Tuesday, March 08, 2011

Overextended into Overwhelm?

For some reason this time of year is overwhelm time. Clients and colleagues alike are overextended, scrambling, juggling and trying to keep their heads above water. They're not honoring commitments or deadlines which is impacting other's trust in them. Their solution of "If I finish these two things I'll be ahead of the game" gets tossed out the window because they don't realize (when they make that declaration) that ten other things have hit their desks in the interim. For those in positions of leadership, they're also dealing with staffers who are overwhelmed, behind schedule, missing deadlines and therefore further impacting my clients and their deliverables.

You don't have to be running a huge organization for this to happen. It's occurring at all levels. So what do you do to fix it?  Nothing. You start from scratch. You don't fix. You create, design and build.

Trying to shuffle or re-prioritize won't help you deal with the overwhelm or get on top of all the stuff that you're bombarded with. Starting from scratch will enable you to build something relevant for now and into the future, prune out what's no longer relevant and simplify.

Start with the question (you've heard this before so it might be time to start doing it) "What do I have to let go of?" and then follow up with "Who do I need to work with? What tools do I have to start incorporating? What is no longer relevant in the scheme of things and can be dropped?" and very important in my book, "Will what I'm doing right now help me build something successful?" If you don't have those answers, then definitely stop, take stock of where you're going and why and then start moving towards it.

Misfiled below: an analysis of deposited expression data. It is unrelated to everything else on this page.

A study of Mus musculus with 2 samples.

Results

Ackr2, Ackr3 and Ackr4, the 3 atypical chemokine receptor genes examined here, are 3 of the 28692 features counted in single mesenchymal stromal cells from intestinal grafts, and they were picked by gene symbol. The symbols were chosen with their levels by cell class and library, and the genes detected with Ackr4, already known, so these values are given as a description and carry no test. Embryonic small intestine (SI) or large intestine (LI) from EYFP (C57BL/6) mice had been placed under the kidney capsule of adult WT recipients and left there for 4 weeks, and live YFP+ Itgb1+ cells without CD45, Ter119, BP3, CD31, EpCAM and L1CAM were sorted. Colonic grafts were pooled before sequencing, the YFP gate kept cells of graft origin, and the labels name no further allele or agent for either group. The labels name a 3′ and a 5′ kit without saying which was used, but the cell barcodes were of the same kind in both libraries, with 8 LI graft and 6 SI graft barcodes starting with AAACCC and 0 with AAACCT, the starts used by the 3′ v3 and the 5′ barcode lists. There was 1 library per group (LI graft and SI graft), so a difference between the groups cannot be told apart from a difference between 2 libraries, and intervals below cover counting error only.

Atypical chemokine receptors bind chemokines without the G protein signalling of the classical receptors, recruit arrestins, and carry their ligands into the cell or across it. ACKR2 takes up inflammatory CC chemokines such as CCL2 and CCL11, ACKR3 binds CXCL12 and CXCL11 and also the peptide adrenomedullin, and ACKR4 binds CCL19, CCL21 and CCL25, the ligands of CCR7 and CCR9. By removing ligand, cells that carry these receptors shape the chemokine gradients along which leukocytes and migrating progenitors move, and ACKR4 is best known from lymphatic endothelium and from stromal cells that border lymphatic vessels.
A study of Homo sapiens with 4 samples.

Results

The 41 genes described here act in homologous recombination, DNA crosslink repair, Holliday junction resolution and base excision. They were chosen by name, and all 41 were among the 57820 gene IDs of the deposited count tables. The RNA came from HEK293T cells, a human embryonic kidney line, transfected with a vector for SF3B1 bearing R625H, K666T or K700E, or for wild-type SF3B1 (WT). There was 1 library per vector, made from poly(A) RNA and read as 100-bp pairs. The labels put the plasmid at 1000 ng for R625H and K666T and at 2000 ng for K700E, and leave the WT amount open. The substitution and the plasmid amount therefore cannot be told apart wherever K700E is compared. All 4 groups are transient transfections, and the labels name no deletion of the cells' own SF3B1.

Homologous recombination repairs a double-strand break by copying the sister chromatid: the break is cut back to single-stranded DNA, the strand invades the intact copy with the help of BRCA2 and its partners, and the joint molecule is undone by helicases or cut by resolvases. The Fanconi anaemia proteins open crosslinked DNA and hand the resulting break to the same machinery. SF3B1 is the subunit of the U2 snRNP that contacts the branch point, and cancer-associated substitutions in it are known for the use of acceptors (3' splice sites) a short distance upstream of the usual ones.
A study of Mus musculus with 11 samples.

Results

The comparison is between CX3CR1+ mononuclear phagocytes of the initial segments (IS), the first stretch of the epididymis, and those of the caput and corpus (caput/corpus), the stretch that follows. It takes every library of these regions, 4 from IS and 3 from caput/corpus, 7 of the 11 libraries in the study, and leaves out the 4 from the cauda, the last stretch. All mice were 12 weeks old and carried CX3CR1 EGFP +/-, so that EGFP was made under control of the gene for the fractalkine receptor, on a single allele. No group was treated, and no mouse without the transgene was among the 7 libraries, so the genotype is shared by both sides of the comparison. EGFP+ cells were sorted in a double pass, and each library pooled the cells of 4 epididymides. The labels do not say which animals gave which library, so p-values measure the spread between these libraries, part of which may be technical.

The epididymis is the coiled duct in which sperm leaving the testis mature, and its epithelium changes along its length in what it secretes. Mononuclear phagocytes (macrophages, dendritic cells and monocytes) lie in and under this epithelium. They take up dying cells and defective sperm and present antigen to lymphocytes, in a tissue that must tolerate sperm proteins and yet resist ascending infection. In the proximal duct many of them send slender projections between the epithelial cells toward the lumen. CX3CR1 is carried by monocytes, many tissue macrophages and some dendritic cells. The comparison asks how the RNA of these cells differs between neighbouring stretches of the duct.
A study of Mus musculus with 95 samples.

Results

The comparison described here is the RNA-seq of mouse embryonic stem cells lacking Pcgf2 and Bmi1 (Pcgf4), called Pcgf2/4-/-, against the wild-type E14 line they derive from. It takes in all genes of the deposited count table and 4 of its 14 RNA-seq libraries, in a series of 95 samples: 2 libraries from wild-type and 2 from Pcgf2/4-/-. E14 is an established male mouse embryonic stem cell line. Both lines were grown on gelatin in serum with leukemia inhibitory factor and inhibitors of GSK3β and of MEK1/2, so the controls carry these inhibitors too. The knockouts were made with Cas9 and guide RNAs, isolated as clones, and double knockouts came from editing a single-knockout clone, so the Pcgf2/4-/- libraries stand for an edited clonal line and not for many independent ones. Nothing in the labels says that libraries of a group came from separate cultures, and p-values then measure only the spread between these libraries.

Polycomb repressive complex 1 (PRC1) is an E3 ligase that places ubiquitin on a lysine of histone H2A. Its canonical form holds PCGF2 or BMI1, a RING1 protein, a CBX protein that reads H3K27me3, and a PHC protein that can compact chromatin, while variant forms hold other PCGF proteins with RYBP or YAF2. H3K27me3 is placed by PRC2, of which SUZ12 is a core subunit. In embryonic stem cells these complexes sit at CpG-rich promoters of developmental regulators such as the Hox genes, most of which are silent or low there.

The other great thing about starting from scratch is you have a clearer view of what direction to take. You don't have 100 things weighing you down which takes your eye off the ball.

You choose. What, when where and with whom.

Sunday, March 06, 2011

Making a Decision

What's stopping you from starting something? Are you looking at every possible reason why something won't work or are you looking at every possibility as to why it will. What would be the worst thing that might happen if you dive in and just do it?

Waiting until "Condition Perfect"? Perfect time, perfect audience, perfect customers, perfect economy....

I don't know about you but the last time all the stars were aligned so everything was perfect was, well actually...never. I prefer to dive in as what I have to offer will be perfect timing, perfect audience...perfect for some.

No time like the present. A way to get started is with Seth Godin's Poke the Box. Click here for the accompanying free workbook.